The Met Office and lightning

Courtesy of the UKMO

The yellow thunderstorm warning issued yesterday to cover Monday and Tuesday by the UKMO, has now been tweaked again and extended to cover Wednesday next week. I am not sure what the point of most of the warnings they issue is, but this one seems even more pointless, they will occur somewhere in the UK during these three days, we don’t know where and we don’t know when. Here are some useful pointers from the Met Office about what to do in the event that you are caught out by one of them, rather surprisingly it says nothing about sheltering under a tree, but does warn that you should squat rather that to lie on the ground.

Before the thunderstorm

  • Lightning can cause power surges, unplug any non-essential appliances if not already using a surge protector.
  • Seek shelter if possible. When you hear thunder you are already within range of where the next ground flash may occur, lightning can strike as far as 10 miles away from the centre of a storm.

During the thunderstorm

  • Telephone lines can conduct electricity so try to avoid using the landline, unless in an emergency
  • If outside avoid water and find a low-lying open place that is a safe distance from trees, poles or metal objects
  • Avoid activities such as golf, rod fishing or boating on a lake
  • Be aware of metal objects that can conduct or attract lightning, including golf clubs, golf buggies, fishing rods, umbrellas, motorbikes, bicycles, wheelchairs, mobility scooters, pushchairs, wire fencing and rails. If you are in a tent, try to stay away from the metal poles
  • If you find yourself in an exposed location it may be advisable to squat close to the ground, with hands on knees and with head tucked between them. Try to touch as little of the ground with your body as possible, do not lie down on the ground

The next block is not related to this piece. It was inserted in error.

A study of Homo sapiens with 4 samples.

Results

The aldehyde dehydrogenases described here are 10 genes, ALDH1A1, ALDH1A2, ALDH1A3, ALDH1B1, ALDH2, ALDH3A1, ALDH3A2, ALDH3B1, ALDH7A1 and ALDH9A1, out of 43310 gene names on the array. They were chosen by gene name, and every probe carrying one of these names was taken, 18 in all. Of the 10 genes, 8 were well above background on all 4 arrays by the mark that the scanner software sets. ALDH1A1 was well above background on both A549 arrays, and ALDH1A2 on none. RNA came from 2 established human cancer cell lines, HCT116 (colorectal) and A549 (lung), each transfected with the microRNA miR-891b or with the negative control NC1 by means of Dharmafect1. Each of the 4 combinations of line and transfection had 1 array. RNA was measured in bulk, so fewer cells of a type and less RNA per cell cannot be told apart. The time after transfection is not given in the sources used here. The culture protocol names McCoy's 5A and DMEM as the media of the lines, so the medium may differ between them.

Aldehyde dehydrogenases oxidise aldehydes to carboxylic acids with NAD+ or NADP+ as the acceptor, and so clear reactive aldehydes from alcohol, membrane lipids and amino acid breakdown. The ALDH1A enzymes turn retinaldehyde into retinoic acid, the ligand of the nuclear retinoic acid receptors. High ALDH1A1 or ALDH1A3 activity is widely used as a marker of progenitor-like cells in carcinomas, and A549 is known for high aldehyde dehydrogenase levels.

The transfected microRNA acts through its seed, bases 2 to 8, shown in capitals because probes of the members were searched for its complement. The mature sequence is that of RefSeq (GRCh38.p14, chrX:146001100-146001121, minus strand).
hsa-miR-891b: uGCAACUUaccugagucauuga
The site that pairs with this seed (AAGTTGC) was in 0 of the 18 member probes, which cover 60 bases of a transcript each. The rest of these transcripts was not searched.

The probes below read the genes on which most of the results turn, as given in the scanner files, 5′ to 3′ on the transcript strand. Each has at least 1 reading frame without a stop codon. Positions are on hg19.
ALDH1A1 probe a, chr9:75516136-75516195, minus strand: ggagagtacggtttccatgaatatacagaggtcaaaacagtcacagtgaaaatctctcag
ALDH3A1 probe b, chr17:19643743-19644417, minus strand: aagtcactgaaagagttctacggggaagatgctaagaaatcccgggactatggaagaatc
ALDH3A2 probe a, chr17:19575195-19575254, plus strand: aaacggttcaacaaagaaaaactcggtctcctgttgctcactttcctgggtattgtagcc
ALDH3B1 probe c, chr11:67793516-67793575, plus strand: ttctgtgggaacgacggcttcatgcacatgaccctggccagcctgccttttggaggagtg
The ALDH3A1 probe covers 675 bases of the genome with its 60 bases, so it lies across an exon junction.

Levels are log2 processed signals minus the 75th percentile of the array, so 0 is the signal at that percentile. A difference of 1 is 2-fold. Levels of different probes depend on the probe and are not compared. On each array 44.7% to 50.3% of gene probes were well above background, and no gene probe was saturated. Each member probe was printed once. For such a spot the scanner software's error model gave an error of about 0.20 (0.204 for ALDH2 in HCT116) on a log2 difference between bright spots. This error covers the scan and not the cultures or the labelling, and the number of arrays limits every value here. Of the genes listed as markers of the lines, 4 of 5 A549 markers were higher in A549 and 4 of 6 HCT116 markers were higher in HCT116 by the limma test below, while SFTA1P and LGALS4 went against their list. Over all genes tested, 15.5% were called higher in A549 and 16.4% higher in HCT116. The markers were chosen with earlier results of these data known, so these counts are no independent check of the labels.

• If you feel your hair stand on end, drop to the above position immediately

After the thunderstorm

  • Avoid downed power lines or broken cables
  • If someone is struck by lightning, they often suffer severe burns. The strike also affects the heart, so check if they have a pulse.

Driving in a thunderstorm

If you are caught out in thunder and lightning it is advised that you wind up the windows and stay inside your car. This is because in the vast majority of cars with a metal roof and frame, the frame will act as a conductive Faraday cage, passing the current around the passengers inside and on to the ground.

  • Soft-top convertibles, with their fabric roofs, are the most at risk and could catch fire if struck by lightning
  • Be aware that current can travel through other parts of many modern cars, including GPS and radio systems. Cars with metal interior handles, foot pedals and steering wheels can also carry current
  • Cars can be damaged both internally and externally by lightning strikes

Thunderstorms can also bring a risk of sudden gusty winds, those most at risk would include cyclists, motorcyclists and high sided vehicles.

  • Remember to give vulnerable road users including cyclists, motorcyclists and pedestrians more room than usual. They are more likely to be blown around by side winds – always keep a safe distance.
  • Keep your speed down, lowering your speed will lower the distance you travel when buffeted around by the wind.

Hail storms can be extremely dangerous to drive in reducing your ability to see and be seen, as well as causing damage to your vehicle. If hail is severe, stop and pull over to a safe place and remain inside the vehicle

A care less national weather service

I would have thought that if the Met Office were truly concerned about the safety of the public in the UK during thundery weather they would display a real time interactive map of where the latest lightning flashes were occuring on their website just like Blitzortung and who put the Met Office to shame.

I do realise that the Met Office do have a map to display SFERICs on a map, it’s well hidden on their website and it doesn’t feature in their smart app, but crucially unlike Blitzortung it’s only updated every five minutes and not in real time. It would take very little work to incorporate a lightning display into their smart app, which could then alert you as soon as lightning were detected in a 5 mile radius of your postcode – hands up if you think I’m asking too much of our national weather service.

If the Met Office can’t be bothered to provide this service then they should at least free up the one minute data they jealously guard from their ATD system so that others can. But I suppose until that happens we’ll just have to put up with current system they use to warn of thunderstorms and lightning, and don’t get me going on why the warnings always seem to be yellow and never amber or red!